This Battle in the Winter War Had Far Reaching Consequences for Russia—and Beyond
From Leningrad to Murmansk, columns of Soviet Red Army troops stormed down roads and trails into Finland’s dense forests, lakes, and swamps, seeking to cut Finland in half.
Soviet Union Communist Party General Secretary Josef Stalin—known simply as the “Vozhd” or “Boss” to his inner circle—had ordered his massive armies to invade Finland, a blatant act of aggression, in 1939, a year of aggression. His massive armies, lavishly equipped with tanks, guns, and aircraft, easily outnumbered the Finns, and Stalin expected that he would carve out a land barrier between Leningrad, Russia’s “Window on the West,” and his supposed ally, Nazi Germany.
At first the bloodthirsty dictator sought to gain millions of acres of Finnish soil through diplomacy, but despite their country’s small size and weaker economy the Finns were tougher than the nations that had given in to Hitler in 1938 over Czechoslovakia. They would not yield an inch of their forested soil. Their three million people would stand against the Soviet Union’s 105 million.
On paper, the Finns had no chance. But this war, like all wars, was not fought in a ledger book. Unlike other wars, the war between Russia and Finland was fought in a winter landscape of endless forests, swamps, frozen lakes, subfreezing temperatures, and wilderness. Unlike their enemies, the Finns were at home in this dreadful environment and prepared to fight in it.
Stalin had gutted his army during bloody 1930s purges, turning the once formidable machine that had defeated the White Russian Army and Western invaders in the 1920s into a corps of obedient and incompetent lackeys. Despite the harshness of Soviet winters, Russian troops were not trained or equipped for winter fighting. Soviet field kitchens, for example, spewed out easily seen black smoke through chimneys that went straight up. Finnish kitchens used screens to hold back dark ash and vented horizontally.
Skiing was Finland’s national pastime, and the Soviets ignored it. As a result, Soviet ski troops were trained to stand upright and fire their rifles from their skis. Finnish troops were trained to fire their rifles prone, using the skis as braces for their rifles to ensure accuracy. Invading Soviet forces did not bother to wear snowsuits and were slowed by heavy vehicles that could not operate offroad in the heavy snowfalls.
The Finns had another edge, their supreme commander, Baron Carl Gustav Mannerheim, age 72, a former czarist Russian Guards officer, hero of the Finnish Civil War, big-game hunter, humanitarian, and national icon. He insisted that Finland refuse to negotiate. When Finnish politicians sent a delegation to Moscow to talk peace, he resigned his position as commander in chief. Just before the war broke out, the Finnish government begged him to resume his position and he did so. A Spartan, cold man, he dominated any gathering by the sheer force of his imperial personality. Perhaps most importantly, the Finnish Army and its men were trained to use their own initiative in difficult situations, counterattack swiftly, and were above all free men fighting for their homes against a foreign invader. The Soviets were that invader, and their initiative and flexibility had been sapped by the purges and political officers that peered over every commander’s shoulder and reviewed his plans.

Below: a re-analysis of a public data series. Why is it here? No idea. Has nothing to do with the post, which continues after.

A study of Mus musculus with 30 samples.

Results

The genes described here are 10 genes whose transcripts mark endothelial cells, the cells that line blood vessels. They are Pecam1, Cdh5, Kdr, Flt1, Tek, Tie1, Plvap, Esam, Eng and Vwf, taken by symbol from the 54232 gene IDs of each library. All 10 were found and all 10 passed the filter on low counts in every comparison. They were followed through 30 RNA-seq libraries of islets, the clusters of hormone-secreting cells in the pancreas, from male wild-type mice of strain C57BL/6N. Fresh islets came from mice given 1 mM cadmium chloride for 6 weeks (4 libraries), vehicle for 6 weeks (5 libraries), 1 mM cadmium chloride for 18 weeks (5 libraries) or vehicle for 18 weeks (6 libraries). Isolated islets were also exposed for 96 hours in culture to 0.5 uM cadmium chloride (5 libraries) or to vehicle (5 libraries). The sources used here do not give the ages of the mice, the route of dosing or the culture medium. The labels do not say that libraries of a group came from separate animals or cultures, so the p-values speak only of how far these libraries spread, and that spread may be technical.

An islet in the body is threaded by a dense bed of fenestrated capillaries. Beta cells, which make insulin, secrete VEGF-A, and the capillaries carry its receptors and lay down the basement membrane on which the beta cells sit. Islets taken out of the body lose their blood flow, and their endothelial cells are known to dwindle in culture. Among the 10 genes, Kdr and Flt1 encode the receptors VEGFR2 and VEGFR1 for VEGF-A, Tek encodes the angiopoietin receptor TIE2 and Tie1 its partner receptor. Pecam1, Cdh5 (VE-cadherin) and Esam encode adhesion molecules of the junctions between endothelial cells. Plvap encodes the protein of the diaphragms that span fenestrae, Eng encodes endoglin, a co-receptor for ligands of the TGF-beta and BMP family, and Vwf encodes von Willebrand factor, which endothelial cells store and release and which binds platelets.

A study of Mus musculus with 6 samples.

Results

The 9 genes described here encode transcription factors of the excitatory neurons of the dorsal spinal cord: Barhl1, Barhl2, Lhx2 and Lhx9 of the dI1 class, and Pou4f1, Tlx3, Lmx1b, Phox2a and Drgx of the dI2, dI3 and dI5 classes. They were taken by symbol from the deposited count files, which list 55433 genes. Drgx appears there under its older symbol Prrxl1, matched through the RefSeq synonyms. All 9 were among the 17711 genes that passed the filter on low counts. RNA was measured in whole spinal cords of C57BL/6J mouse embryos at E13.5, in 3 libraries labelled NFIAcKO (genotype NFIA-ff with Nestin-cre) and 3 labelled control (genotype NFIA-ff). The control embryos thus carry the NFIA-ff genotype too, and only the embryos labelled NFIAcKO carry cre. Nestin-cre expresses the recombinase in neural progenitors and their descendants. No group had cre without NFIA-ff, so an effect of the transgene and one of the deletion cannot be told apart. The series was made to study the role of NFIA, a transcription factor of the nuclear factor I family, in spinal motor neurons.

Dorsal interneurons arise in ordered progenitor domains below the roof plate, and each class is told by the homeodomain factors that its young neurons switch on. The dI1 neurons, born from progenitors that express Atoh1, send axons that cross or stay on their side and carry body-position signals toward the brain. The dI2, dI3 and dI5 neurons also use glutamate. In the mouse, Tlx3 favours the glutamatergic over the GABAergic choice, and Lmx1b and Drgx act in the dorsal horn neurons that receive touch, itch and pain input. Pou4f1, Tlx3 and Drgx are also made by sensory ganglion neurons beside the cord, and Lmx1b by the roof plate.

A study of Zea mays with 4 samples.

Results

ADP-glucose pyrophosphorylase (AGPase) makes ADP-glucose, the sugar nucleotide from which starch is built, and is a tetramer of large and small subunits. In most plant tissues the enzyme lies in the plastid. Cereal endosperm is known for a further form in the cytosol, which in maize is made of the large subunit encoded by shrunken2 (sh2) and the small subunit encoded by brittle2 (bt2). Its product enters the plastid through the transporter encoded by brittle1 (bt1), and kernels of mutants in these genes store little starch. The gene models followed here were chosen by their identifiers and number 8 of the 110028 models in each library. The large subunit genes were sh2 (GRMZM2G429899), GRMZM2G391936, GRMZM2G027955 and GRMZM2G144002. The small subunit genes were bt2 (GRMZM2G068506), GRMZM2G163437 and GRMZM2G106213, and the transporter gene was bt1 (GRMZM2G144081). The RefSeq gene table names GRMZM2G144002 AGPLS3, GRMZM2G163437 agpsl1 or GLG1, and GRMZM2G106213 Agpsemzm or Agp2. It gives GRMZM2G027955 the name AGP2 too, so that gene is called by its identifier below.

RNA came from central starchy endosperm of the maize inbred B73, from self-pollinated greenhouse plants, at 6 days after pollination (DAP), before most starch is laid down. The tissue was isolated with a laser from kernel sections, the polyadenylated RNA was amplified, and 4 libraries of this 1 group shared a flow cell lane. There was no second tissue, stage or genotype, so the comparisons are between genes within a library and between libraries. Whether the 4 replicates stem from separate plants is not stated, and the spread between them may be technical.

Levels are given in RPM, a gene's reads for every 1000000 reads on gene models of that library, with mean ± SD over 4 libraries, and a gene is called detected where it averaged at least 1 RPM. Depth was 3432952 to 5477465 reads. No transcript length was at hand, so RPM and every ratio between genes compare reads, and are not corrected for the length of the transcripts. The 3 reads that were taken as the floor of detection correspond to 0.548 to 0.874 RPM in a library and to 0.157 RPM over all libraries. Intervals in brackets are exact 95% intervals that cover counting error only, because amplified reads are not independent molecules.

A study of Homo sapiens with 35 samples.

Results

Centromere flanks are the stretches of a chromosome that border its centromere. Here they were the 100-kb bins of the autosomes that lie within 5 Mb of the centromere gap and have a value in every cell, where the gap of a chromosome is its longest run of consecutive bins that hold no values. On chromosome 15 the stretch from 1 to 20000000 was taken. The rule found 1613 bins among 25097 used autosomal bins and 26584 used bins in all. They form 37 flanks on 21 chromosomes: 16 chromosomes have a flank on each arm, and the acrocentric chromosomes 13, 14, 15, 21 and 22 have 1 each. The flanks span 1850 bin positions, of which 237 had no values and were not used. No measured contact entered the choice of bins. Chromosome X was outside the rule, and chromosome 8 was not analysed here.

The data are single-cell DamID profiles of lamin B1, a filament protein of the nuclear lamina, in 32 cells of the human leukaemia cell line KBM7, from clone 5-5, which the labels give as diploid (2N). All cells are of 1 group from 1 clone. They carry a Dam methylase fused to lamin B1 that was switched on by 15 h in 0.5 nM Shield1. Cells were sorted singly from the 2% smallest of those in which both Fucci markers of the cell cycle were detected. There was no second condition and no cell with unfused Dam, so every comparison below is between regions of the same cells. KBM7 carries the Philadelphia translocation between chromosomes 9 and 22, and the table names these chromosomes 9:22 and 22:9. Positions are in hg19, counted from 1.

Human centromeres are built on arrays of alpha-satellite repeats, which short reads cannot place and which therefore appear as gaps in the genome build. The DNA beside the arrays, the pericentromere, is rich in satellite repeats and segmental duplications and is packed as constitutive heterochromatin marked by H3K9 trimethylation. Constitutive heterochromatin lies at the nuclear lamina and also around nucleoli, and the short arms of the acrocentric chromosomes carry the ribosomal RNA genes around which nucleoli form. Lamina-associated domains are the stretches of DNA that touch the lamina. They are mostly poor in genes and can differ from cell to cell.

The Soviet attack came on a wide front. On November 29, 1939, the Soviet 155th Infantry Division attacked the Finnish 4th Corps in the Suojärvi sector, headed for a key road junction at Ilomantsi in Finland’s midsection. Some 40 miles to the south, the 139th Infantry Division attacked through lakes along the axis of the Tolvajärvi Road, headed for a major road, which would in turn enable the Soviets to cut the rail line that supplied the entire IV Corps, imperil that force, and prevent its own counterattack. If the Soviet attack succeeded, it could cut Finland in two.
To add punch to this offensive, the Soviet 55th Infantry Division was moving parallel to the rail line between Suojärvi and Loimola. Lastly, the 168th Infantry Division, moving on the shore road, was headed northwest to Kitelä. The Soviets advanced slowly, bogged down by the tractors they were using to haul supplies and artillery.
Studying his maps and the panicked reports from IV Corps officers, Mannerheim turned to an ad hoc force named Task Force R after its commanding officer, Lt. Col. Veikko Räsänen, which consisted of four independent infantry battalions and PPP-7, the designation for the 7th Bicycle Battalion. PPP-7 had left its bikes in the barracks and was operating on skis, like everybody else in the Finnish Army. The task force was weak in artillery with only five or six modern guns in the rear and two 50-year-old field pieces on the border.
The troops were tough enough, but Räsänen did not rise to the occasion—he seemed shocked and quickly lost his grip on the situation. At a time when frontline leadership was desperately needed, Räsänen stayed in his bunker at Ägläjärvi, six miles behind the front—too far for the Finns with their erratic communications.
When the Soviets hit the Finns on November 30, they streamed across the border but showed considerable caution—every time a Finnish rifle opened fire, they hit the ground. One Finnish automatic rifle team held up a full Soviet regiment for more than an hour near Jehkila at the northeast tip of Lake Suojärvi.
But on December 1, the weight of Soviet numbers began forcing the Finns back. They set up delaying positions at Varpakyla. The Soviets attacked with frontal assaults over open terrain and fell in heaps. But the sacrifice diverted the Finns from efforts to flank the defenders’ roadblocks, forcing them to retreat to further delaying positions.